I've had a love-hate relationship with HBO's Entourage for the past few seasons. Whereas once I lovingly tuned in for every installment of the bros-before-hos comedy in the beginning of the series, my interest has waned considerably of late.

For one, the series seems to have lost a little of its luster (and a lot of its humor) over the past two seasons or so and the antics of its lead characters aren't quite so fun and amusing now that they are considerably older than when the series first launched.

I wasn't sure what to expect when taking an advance look at the series' first two installments. HBO is launching the series' fifth season, after a considerable delay (due to the writers strike) this Sunday evening and I sat down to watch "Fantasy Island,"only slightly curious to see what Vincent Chase, E, Drama, and Turtle were up to these days.

The stench of Vincent's last botched pic, Medellin, hovers over the action. Vince has gone into seclusion on a Mexican beach hideaway with Turtle and dozens of women in order to escape the fallout while Eric attempts to save his career and broaden his own by taking on some additional clients. Drama is dealing with a lost-distance relationship with Frenchwoman Jacqueline involving lots of iChat and nightly video tuck-ins. And Ari is... well, still doing the same OTT irate shtick that he's been doing for the last four seasons

It's not until the second episode of this season, "Unlike a Virgin," that things start to heat up a little, aided by a fantastic turn by Gossip Girl's Leighton Meester as a former virginal teen songstress who has since become a hell of a lot more adult since she and Vince last crossed paths. (Hell, she's now doing duets with Tony Bennett, in a guest star role.) Also look for Giovanni Ribisi and Lukas Haas to turn up as a pair of redneck screenwriters looking to lure Vince into starring in their very first screenplay, executive producer Mark Wahlberg to play himself (including offering a cutting line about his own film, The Truth About Charlie)... and NBC's own Ben Silverman, playing himself, in Episode One. While he might only have one line, it perfectly encapsulates the essence of Ben.

But still, it feels as though something is missing from Entourage. The series used to be a hell of a lot more fun and, with the launch of Season Five, I can't help shake the feeling that it's going through the motions a little. We've seen Vince at the top of his game, at the bottom, struggling, and trying to go indie and, while it's somewhat refreshing to see him re-energized in Episode Two, it has an aura of been-there-done-that.

When Entourage first premiered five years ago, it succeeded initially because it skewered the public's perceptions of the Hollywood fame machine, offering up an insider's satirical look behind the pretty facade of the entertainment industry. (And encountering more than a few fans within the industry itself.) Since then, however, it's become a victim of its own success.

After all, how do you keep Vince's struggle interesting after five years of ups and downs? While he's starting over again, as it were, at the start of Season Five, it's hard not to see that the seesaw of success will swing the other way by the end of this season. When Vince moans that maybe the gang will have to live off of Eric's management company should his acting career not rebound, it's hard not to sigh. Vince is one star that's forever falling and rising and, rather sadly, I just don't want to watch that never-ending trajectory in the dark sky of Hollywood.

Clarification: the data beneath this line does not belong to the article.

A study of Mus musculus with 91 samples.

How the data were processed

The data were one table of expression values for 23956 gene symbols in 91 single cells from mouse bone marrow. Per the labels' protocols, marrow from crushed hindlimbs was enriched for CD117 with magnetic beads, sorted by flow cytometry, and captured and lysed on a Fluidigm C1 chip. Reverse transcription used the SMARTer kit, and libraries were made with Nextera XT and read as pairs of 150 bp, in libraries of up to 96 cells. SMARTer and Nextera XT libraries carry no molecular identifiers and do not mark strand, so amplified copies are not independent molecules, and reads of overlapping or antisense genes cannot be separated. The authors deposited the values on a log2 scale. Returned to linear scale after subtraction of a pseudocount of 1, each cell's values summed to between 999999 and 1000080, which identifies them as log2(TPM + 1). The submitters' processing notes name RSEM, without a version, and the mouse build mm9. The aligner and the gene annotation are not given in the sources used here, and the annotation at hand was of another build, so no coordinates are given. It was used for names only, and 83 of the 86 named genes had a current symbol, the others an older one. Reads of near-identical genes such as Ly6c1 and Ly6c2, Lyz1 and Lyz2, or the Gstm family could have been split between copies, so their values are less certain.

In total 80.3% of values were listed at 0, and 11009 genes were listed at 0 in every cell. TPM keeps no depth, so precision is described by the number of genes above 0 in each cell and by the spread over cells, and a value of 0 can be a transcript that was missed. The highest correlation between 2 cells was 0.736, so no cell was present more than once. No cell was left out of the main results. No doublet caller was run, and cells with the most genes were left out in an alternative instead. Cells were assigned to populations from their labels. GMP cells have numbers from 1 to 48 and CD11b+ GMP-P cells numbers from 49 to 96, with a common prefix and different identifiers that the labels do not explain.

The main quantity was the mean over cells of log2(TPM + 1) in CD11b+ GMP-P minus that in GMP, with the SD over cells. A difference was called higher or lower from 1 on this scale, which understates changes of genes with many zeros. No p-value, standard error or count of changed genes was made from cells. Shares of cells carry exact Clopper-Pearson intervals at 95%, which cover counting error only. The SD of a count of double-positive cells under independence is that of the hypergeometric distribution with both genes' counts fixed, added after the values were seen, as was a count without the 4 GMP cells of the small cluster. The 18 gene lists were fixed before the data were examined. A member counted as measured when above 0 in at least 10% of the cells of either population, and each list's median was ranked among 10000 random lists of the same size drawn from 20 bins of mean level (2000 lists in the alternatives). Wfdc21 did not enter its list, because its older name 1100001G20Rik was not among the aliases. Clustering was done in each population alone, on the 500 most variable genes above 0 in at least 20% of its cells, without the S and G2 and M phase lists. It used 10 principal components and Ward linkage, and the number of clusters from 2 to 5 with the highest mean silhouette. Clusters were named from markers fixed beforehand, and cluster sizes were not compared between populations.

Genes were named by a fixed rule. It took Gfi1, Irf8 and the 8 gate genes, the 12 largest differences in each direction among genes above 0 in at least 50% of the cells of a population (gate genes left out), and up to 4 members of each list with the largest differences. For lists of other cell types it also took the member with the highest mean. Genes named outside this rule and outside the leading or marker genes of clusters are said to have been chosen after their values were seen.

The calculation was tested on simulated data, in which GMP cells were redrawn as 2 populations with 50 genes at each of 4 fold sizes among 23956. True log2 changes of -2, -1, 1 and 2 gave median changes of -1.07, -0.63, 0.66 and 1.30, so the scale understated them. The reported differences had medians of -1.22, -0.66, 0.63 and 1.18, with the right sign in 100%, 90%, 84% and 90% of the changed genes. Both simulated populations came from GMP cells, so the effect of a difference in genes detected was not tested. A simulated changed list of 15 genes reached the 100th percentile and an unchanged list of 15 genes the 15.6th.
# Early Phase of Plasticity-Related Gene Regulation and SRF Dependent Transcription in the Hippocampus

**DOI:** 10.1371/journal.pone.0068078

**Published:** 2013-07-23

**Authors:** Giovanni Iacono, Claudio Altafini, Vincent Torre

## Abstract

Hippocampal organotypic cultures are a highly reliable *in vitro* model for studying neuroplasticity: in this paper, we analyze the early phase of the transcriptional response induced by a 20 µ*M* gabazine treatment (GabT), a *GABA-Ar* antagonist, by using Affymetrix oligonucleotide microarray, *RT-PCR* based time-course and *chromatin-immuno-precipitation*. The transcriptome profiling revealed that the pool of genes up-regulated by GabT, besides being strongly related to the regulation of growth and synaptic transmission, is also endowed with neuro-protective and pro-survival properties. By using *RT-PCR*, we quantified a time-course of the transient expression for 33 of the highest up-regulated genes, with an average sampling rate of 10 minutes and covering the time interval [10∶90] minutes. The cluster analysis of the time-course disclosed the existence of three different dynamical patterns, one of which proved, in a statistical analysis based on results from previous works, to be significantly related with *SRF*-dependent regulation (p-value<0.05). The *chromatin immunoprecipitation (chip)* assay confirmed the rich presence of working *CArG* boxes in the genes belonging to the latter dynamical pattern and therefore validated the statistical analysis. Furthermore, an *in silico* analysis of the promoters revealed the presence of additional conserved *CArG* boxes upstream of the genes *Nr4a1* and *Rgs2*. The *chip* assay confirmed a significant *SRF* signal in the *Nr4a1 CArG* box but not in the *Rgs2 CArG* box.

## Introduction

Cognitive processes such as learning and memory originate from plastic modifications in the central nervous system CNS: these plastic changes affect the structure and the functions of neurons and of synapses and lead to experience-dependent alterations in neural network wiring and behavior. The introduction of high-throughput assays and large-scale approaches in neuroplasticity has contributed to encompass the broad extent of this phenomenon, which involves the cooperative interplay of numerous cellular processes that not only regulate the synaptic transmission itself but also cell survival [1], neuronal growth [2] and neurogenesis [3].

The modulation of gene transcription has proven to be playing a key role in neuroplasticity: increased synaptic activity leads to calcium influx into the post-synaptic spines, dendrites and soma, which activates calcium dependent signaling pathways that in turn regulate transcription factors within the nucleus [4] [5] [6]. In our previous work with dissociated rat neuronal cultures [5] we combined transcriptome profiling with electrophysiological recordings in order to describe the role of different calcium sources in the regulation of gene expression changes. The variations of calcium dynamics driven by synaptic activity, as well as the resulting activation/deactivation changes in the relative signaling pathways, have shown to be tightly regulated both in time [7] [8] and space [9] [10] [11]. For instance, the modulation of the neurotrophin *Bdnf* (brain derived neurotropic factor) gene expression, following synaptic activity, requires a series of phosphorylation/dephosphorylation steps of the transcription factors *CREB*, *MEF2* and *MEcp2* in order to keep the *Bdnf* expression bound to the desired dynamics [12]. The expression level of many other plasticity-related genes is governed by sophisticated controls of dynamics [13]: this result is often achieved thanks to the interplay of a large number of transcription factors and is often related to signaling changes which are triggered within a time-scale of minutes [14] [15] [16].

Entourage's fifth season launches Sunday night at 10 pm ET/PT on HBO.


I feel like Entourage peaked awhile ago. The first couple of seasons were great but then, like Vince, the show became over-hyped.

I must admit that I'm somewhat intrigued by Leighton Meester's presence in the second episode (and Ben Silverman's one liner in the first) but guest stars and Hollywood cameos are not enough to re-energize my interest in this lackluster show.
Bill said…
I couldn't agree more about it losing its humor. Now, every show seems to pair up E and Vince to do serious movie business, while Turtle and Drama go do something stupid. But I'm still watching, I'm not really sure why.
Anonymous said…
I have to disagree. I actually thought first season was horrible and I didn't watch Entourage past the second or third episode. Then I caught an episode again in the third season, and I've been hooked ever since.

Entourage isn't just about Vince's career-- although that's obviously a big part. It's about the rest of them finding their own ways and growing up. So while Vince's work issues may seem familiar, I'm still psyched to see E, Drama, et co and how their careers (and love lives) advance.
Rich said…
I completely agree with the been-there-done-that-this-show-has-peaked assessment...and I'm sad to say that I am in agreement.

I really used to look forward to this show - laughing for 27 minutes and looking forward to the next installment.

After waiting a [super] long time, I was definitely deflated by S05E01. It was really just a big helping of "more of the same" that has already been shot in the 4 previous seasons.

Vince acts like his shiznit don't stink, even after tanking with Medellín and E is trying once again to get him to make the "right" decision. Drama and Turtle both assumed their roles as well.

The only thing that I seemed to pick up on more this season felt like a quadrupled effort by the product placement team in every scene (Apple, we get it, your stuff rocks)

That said however, J.Piven (Ari) still cracks me up in *whatever* scene he's in (ex: talking on the phone when he's handed some paperwork, calmly continuing his discussion on the phone as he walks out of his office into the office of the person who wrote obviously wrote said paperwork and throwing it at said person violently as he calmly continues his discussion walking back into his office. Cracks me up.